Interview: Armina LaManna of WARRIOR QUEEN: ANAHIT THE BRAVE at Imagine Theatre

The artistic director talks about the urgency of theatre for young audiences and its significance for the city of Los Angeles

By: Nov. 02, 2022

Interview: Armina LaManna of WARRIOR QUEEN: ANAHIT THE BRAVE at Imagine Theatre

Rather than paint a mural of multicultural children holding hands around the globe or undertake some other trite pass at celebrating diversity with young people, Imagine Theatre's artistic director, Armina LaManna chooses to prioritize stories from the intricate "cultural fabric of LA", working equitably with local artists to share the narratives through new adaptations fused with music, dance, and puppetry. In 2019, the group premiered a new production of The Tale of Turandot which celebrated LA's rich Chinese culture. Their upcoming Warrior Queen: Anahit the Brave honors the "large Armenian diaspora in Southern California". I chatted with LaManna about her fundamental beliefs about theatre and her desires to infuse Los Angeles' theatre scene with a deeper respect and appreciation for children's theatre.

Back in 2015, LaManna explains, as she joined with others to advocate for actors in LA's "intimate" theatres to be paid a fair wage, she got frustrated. "I kept hearing, 'there's no money, there's no money, there's no money!' and I was very bothered by it." At the same time, she was realizing she wanted to see a flagship children's theatre in LA where her children could grow to be part of a theatre-loving public. "The children's theatres in Europe and the Soviet Union (where LaManna grew up) are a part of childhood. They were a ritual for us." As she fondly reflects on the theatre in which she grew up, she expounds, "I grew up in that lobby, and I want to make a space like that for my own children." In the United States, children's theatre can sometimes be relegated to a secondary art form, as LaManna has noticed, many public grant opportunities do not even qualify theatre for young audiences within the theatrical medium. So she set out to create a sustainable company whose mission is to present plays by Los Angeles artists for children.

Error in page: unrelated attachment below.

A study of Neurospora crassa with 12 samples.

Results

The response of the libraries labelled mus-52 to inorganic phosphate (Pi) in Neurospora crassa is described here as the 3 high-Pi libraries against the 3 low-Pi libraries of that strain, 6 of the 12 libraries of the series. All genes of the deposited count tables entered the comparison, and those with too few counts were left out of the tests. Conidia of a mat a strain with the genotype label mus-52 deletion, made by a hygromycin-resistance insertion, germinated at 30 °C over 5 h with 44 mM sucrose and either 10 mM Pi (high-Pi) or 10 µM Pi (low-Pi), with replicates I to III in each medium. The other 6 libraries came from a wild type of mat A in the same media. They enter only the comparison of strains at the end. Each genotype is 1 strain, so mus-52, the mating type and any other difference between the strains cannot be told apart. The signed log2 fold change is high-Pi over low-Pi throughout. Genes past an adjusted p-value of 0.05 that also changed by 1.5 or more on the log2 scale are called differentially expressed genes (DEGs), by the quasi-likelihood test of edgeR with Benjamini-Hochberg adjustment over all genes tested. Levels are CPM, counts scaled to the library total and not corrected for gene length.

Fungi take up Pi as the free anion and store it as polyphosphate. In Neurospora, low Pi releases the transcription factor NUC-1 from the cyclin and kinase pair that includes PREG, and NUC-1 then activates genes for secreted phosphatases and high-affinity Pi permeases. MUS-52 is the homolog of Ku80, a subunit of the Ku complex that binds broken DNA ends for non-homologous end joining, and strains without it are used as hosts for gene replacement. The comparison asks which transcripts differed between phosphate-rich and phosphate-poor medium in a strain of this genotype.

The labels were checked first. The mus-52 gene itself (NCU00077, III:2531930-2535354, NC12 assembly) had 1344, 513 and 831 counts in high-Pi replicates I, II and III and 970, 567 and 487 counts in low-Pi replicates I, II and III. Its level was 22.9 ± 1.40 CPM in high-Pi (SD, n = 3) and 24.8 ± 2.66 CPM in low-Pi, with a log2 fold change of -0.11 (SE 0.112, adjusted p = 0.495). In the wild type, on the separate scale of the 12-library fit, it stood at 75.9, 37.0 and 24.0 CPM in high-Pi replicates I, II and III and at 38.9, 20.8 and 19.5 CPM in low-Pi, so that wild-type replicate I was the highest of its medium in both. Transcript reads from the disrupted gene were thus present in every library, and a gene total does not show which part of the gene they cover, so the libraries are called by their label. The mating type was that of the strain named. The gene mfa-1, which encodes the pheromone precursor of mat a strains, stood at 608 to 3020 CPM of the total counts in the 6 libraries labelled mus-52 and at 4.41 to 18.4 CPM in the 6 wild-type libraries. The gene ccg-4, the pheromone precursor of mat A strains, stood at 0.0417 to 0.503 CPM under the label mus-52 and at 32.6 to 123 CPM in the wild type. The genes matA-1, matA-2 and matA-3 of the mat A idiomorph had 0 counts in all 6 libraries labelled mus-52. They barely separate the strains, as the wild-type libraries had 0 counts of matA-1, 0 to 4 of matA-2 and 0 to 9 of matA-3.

"I believe LA theatre must utilize LA artists," she intones, "because we have an incredible pool of erudite storytellers whose work should be prioritized on our stages. I'm happy to be in a position to do that. LA writers know LA people. They live here and they know how their communities live and breathe." LaManna cites the 24th Street Theatre as an organization that she feels wholly embraces its community. She continues, "I am envious of the outreach work they do and hope to emulate it someday!" She explains how children benefit when they are able to see art generated by people from within their own communities.

She says, "I think of (theatre for young audiences) as an emergency. We have to ask ourselves, 'which kids need the most help right now?'." She reasons, "poorer families, immigrant families, and children of color," all deserve to see themselves and their communities represented on stage. As an Armenian person herself, she is excited to present the engrossing tale of Anahit, which she first encountered when she was introducing her own children to Armenian fairytales. The story centers the struggles of a peasant rug weaver named Anahit and boasts a five foot tall golden cobra puppet with glowing green eyes. "Armenian children," she surmises, "see Armenians in movies as gang members, but never see themselves as the heroes and rarely get to see themselves on stage." Hopefully Anahit is able to combat some of this lackluster representation, as LaManna has found the need to add more school matinee performances thanks to an overwhelming interest from local school groups.

"I always try to jar audiences," she adds after a thoughtful pause. "As a storyteller, I am in a position of power. Storytellers are some of the most powerful people on the planet because we can change peoples' opinions. We can inspire a child to seek out something they have not sought out before."

Considering her lofty goals for Imagine Theatre, audiences are certainly in for a treat with Warrior Queen: Anahit the Brave.